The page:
Why Nonplussed is my favourite word in the English Language

Antagonym? Contranym? Janus word? 

Unpaired word 

Unbeknownst to many, there are two pretty odd quirks of the English language out there that happen to be my favourites for reasons that may seem nonsensical. Unfortunately, they often go overlooked. I just used three examples:

Unbeknownst (meaning not many people know about it) and nonsensical (meaning something that doesn’t make sense) are lovely examples of Unpaired words. These are words with prefixes such as un- and non-, but where the word doesn’t really exist without the prefix. In this case, we never say “beknownst” or “sensical”. It seems like these words should have a paired (related) word… but they don’t.  

And that’s nice. 

But you know what else is nice?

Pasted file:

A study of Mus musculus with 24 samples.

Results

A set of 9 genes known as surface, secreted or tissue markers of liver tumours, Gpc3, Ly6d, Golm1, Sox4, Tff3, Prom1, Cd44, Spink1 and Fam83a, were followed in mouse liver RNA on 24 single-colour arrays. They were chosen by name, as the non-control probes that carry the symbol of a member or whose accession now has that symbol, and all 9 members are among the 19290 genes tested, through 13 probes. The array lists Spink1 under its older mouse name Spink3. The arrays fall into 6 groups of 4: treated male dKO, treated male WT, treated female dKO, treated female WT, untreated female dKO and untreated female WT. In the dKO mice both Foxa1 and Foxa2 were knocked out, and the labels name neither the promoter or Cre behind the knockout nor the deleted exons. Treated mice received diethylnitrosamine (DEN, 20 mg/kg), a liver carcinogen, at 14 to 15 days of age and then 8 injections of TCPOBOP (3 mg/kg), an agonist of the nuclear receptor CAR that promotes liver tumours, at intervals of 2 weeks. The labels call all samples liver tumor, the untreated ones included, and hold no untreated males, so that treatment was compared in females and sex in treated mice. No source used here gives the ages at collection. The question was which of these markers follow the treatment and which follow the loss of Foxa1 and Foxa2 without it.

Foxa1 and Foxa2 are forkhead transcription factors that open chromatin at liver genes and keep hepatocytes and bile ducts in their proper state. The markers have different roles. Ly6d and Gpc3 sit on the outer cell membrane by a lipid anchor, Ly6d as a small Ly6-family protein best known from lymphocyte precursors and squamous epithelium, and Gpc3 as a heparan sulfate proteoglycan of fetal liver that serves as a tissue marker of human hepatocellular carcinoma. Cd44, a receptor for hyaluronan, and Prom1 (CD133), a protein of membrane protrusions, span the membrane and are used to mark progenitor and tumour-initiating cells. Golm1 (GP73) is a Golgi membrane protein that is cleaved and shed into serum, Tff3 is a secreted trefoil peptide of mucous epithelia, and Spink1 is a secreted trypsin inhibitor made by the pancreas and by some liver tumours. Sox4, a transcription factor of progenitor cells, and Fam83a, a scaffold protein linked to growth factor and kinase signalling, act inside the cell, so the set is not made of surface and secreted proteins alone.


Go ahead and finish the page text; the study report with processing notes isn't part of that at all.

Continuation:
Antagonyms (also called contranyms or Janus words) are words that have two meanings that happen to be the opposite of each other. A classic example is cleave, which means either “to split something (for example when chopping wood with an axe)” OR “to stick to something”. 

So it’s technically reasonable to say “he cleaved the log into two pieces, then cleaved them back together.” 

Crazy, right? 

And that’s why nonplussed is my favourite word in the English language. It’s an unpaired word (there is no such word as plussed) that means: 

Surprised, confused, unsure how to react, shocked into non-reaction 


Unfazed, unperturbed, not bothered by something. 
It’s honestly a good thing that there is no such word as Plussed. Who knows what it would even mean?